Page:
About a year ago, I bought a used Hyundai (“rhymes with SUNDAY”) Elantra. I chose to get new plates instead of transferring the old ones from the car I was getting rid of (or, if you prefer, “…of which I was ridding myself”).
A couple of weeks later, I received letter from DMV, saying a clerical error had resulted in my plate number having been recorded as issued to two different vehicles. I promptly confirmed that I had it and mailed the letter back. The other guy is supposed to have received the same letter.
Fast forward to last week.
I had received a renewal, as I should, for our Kia Sedona that was due for renewal, so I went on line to do that. In my record, the Elantra was flagged as not eligible to renew on line, and that I should call DMV about it.
The confirmation of who had the plates was never processed. Postal Service? DMV? Not a clue. The problem is that my current registration expires “Last day of March, 2014.” I never received a renewal notice, because DMV still didn’t know who had the plates. It’s been a YEAR! You don’t follow up?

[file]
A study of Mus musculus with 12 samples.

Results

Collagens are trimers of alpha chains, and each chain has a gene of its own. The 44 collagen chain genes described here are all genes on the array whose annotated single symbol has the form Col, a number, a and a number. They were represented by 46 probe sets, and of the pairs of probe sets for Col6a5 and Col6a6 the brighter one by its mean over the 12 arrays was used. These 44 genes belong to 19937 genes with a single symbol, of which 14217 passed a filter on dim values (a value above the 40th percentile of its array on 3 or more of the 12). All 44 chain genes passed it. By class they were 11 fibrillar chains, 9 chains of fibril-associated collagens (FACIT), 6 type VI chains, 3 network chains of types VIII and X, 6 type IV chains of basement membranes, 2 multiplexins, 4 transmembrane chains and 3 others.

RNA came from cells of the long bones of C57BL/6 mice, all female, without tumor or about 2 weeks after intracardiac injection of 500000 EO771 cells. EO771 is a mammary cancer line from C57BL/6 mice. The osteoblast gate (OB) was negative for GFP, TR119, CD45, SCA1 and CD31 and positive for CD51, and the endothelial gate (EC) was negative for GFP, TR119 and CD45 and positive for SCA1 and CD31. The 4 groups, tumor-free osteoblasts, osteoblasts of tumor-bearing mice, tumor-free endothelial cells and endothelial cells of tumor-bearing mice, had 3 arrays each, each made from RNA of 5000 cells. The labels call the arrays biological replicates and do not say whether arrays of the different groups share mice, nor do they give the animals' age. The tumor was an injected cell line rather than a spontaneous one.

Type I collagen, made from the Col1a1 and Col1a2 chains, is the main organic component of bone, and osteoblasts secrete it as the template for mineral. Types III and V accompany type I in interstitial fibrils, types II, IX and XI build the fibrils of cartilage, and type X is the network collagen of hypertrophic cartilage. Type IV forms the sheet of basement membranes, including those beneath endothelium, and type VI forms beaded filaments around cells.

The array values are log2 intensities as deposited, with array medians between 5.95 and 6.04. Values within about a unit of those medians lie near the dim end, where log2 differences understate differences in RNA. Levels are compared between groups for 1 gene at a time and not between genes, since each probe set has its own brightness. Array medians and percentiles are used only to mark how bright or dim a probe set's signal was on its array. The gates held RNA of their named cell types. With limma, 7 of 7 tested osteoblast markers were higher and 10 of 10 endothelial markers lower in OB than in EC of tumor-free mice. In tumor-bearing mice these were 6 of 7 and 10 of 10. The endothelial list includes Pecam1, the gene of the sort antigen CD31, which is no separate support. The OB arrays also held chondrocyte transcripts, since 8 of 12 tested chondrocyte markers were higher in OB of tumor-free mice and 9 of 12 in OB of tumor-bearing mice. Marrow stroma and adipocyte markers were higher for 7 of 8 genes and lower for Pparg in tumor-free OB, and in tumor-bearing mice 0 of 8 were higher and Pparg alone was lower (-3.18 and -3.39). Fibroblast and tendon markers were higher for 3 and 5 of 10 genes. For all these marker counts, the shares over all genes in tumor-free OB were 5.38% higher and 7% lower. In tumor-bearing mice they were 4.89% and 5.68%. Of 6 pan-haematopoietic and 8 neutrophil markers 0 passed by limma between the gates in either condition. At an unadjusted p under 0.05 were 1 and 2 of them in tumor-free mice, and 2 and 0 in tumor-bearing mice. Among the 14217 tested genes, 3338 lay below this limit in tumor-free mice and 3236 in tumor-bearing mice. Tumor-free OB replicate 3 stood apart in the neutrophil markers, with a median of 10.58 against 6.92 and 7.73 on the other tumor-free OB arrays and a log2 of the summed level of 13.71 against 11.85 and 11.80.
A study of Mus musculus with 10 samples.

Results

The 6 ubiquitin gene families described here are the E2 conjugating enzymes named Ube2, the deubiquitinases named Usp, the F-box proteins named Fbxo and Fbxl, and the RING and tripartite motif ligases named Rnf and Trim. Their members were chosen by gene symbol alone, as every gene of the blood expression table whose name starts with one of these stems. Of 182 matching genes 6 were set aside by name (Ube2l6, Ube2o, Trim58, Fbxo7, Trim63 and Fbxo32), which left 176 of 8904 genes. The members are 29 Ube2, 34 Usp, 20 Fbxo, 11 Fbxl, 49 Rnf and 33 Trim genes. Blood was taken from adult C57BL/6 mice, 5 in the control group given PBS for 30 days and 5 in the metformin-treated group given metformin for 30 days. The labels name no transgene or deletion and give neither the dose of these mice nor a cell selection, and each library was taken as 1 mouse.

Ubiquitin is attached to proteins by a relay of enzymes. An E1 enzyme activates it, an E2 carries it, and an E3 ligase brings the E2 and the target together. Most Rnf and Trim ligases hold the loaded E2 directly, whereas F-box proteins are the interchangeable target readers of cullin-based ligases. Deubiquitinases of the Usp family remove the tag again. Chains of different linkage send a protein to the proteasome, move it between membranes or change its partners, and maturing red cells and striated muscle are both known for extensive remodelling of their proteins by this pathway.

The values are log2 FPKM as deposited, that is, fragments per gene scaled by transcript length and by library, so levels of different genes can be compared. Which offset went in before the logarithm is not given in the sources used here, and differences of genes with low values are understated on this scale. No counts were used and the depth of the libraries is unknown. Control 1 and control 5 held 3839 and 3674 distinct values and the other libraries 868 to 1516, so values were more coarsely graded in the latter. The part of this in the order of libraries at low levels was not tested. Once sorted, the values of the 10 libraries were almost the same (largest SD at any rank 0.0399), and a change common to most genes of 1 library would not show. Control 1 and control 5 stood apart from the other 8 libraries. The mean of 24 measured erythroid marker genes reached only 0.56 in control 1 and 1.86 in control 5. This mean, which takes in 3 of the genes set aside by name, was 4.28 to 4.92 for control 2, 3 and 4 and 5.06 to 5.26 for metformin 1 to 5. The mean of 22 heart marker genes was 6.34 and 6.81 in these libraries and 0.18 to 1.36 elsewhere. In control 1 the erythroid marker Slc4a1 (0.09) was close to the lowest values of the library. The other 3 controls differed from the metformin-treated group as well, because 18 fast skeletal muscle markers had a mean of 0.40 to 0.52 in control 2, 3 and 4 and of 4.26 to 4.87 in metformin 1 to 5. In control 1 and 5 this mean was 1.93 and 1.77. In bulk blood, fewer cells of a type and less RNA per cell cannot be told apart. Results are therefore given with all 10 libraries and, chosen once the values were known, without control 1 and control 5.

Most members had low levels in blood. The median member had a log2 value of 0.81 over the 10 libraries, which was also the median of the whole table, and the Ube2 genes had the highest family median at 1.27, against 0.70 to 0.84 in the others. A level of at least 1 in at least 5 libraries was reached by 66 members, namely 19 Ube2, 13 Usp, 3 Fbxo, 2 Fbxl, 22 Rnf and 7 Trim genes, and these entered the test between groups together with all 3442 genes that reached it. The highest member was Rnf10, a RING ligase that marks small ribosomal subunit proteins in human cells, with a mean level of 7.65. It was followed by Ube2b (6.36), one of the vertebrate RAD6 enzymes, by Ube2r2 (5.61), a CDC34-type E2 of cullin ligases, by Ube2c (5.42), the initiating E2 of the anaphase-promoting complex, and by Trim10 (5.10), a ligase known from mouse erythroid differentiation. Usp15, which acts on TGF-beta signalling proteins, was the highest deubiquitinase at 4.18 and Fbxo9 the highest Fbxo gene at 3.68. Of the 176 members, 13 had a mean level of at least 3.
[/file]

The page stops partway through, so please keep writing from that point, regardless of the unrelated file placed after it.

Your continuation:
No, I cannot renew it with a credit card over the phone or on line. I have to download a registration renewal and either mail it or bring it in person.
Rather than wait for the mail, I went to DMV’s mobile office the day before yesterday (they’re here once a week). I left with my renewed registration, believing it was all straightened out.
This car has to be inspected by Monday; I had an appointment for this afternoon. As I am gathering what I need, I looked closely at the new registration to learn that it, too, expires “Last day of March, 2014,” just like the one in the glove compartment.
Fortunately, I can have the car inspected using the current still-valid registration, but DAMN, DMV, where the hell are your heads?
I told this story to the guy who did my inspection. He was stopped yesterday, because DMV had recorded his green pickup truck as brown.